Device Finds IEDs

Whenever Capt. Kirk and Mr. Spock found themselves on strange planets in the old Star Trek television series, Spock would always check the readings on his trusty tricorder to see if potential threats were nearby. “What a tricorder did was give them total awareness of their surroundings, and that’s what we’re after,” says Dr. Michael Steer, Lampe Professor of Electrical and Computer Engineering, whose research at NC State is moving such a device closer to the realm of reality.

“We want to be able to detect things at a distance so a convoy moving at 60 miles per hour has time to stop.”

Steer has worked for years on defense grants to improve radio communication in the field by limiting signal disruptions. After 9/11, he was asked to take his work to a new level and assist with counter-terrorism efforts. Now, his expertise with electromagnetic fields is helping create a portable detector so troops can locate roadside bombs and pick suicide bombers out of a crowd. “We’re finding the acoustic and radar signatures of different objects,” he says, “so we can tell the difference between a rock and an IED (improvised explosive device).”

Inside a chamber lined with echo-dampening foam spikes in Steer’s Centennial Campus lab, his research team blasts objects with sound waves at up to 156 decibels. (By comparison, the sound produced by a jet engine is about 120 decibels.) Every object has a unique “ringing” or vibration pattern, Steer says, and bouncing sound waves off an item in the chamber helps isolate its pattern. Steer’s research team has compared rocks similar to those found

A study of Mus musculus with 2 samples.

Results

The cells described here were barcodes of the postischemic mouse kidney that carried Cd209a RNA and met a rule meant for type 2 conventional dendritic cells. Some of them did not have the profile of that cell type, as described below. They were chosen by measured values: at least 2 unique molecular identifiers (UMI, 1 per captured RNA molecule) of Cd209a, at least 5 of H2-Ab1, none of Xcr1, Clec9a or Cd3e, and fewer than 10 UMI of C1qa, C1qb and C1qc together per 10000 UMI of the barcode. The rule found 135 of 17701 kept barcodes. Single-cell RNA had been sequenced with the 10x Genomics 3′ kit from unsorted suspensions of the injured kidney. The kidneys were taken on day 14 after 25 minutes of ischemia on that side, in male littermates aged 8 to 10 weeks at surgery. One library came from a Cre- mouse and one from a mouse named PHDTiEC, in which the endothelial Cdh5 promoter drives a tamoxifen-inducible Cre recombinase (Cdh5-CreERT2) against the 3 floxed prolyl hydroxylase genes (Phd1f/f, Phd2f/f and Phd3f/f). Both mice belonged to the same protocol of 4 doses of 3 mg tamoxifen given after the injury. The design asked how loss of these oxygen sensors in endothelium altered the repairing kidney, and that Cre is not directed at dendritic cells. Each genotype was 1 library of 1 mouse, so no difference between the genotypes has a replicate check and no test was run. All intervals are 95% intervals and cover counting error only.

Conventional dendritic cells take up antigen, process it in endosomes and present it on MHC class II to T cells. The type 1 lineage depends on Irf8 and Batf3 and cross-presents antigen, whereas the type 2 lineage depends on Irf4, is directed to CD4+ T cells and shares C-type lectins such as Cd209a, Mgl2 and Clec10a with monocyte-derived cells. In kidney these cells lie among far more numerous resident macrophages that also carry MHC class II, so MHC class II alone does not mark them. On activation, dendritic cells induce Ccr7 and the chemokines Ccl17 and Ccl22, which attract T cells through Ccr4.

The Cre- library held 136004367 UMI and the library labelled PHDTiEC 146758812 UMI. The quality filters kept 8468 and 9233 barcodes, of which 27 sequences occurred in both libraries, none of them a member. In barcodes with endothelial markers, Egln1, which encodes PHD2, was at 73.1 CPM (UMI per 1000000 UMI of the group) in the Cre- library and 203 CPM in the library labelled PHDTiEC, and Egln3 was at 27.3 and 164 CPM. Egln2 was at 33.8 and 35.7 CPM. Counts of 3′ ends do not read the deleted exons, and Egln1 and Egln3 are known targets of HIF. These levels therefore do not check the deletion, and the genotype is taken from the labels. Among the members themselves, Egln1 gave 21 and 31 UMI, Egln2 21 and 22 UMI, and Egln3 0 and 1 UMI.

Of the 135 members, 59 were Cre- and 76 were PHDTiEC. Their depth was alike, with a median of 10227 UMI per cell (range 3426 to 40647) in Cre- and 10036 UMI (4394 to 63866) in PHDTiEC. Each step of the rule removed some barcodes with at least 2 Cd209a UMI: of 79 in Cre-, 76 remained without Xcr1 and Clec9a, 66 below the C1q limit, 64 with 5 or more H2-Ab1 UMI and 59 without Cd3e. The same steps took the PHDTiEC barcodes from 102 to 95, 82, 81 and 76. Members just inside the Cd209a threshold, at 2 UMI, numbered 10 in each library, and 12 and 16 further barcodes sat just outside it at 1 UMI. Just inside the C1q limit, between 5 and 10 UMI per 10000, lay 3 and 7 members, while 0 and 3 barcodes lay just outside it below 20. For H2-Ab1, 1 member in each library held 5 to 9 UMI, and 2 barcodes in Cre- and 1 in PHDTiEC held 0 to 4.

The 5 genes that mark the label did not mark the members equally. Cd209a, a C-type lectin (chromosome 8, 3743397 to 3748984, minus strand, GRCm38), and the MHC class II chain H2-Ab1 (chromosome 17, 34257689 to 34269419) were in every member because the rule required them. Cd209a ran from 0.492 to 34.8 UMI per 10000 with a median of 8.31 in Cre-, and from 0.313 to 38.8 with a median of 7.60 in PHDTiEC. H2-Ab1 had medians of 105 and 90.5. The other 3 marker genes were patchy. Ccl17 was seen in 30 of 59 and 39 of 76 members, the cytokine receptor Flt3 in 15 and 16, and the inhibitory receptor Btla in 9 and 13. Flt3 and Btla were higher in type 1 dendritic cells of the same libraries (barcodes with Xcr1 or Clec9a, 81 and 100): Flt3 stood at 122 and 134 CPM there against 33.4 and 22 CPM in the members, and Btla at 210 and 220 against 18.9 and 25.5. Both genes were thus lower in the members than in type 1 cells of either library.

in Iraq and Afghanistan with the hard foam insurgents use to disguise IEDs.

The team also uses microwaves to detect metal in the various objects to further refine the radar signature of each. By varying the frequency of the radar wave or adjusting the amplitude, Steer can tweak the signal into a non-linear wave, which he says exaggerates the signature and makes it easier to identify by U.S. troops. “We want to be able to detect things at a distance so a convoy moving at 60 miles per hour has time to stop,” he says, “and we can get better response by using sound and radar at the same time.”

For his device, which has been deployed in two war zones, Steer was recently awarded the U.S. Army Commander’s Award for Public Service by the commanding
general of the U.S. Army Research, Development and Engineering Command. At the public ceremony in March, Major General Nick Justice said, “This is a game-changer in modern warfare. It changed the way the enemy behaves.” He added, “We had lost the capability to operate in that environment, and this put us back on the battlefield and gave us the ability to go out there knowing we can protect the young soldiers’ lives and engage the enemy and not have to hide behind the castle walls.”


Glenwood Garner, a Ph.D. student in electrical engineering, aligns a rock inside a test chamber so it can be blasted with sound waves to determine the unique vibration pattern of its molecules.

Dr. Michael Steer and Jonathan Wilkerson, a Ph.D. student in electrical engineering, discuss the results of tests Steer’s research team is conducting to develop a portable detector the military can use to locate roadside bombs.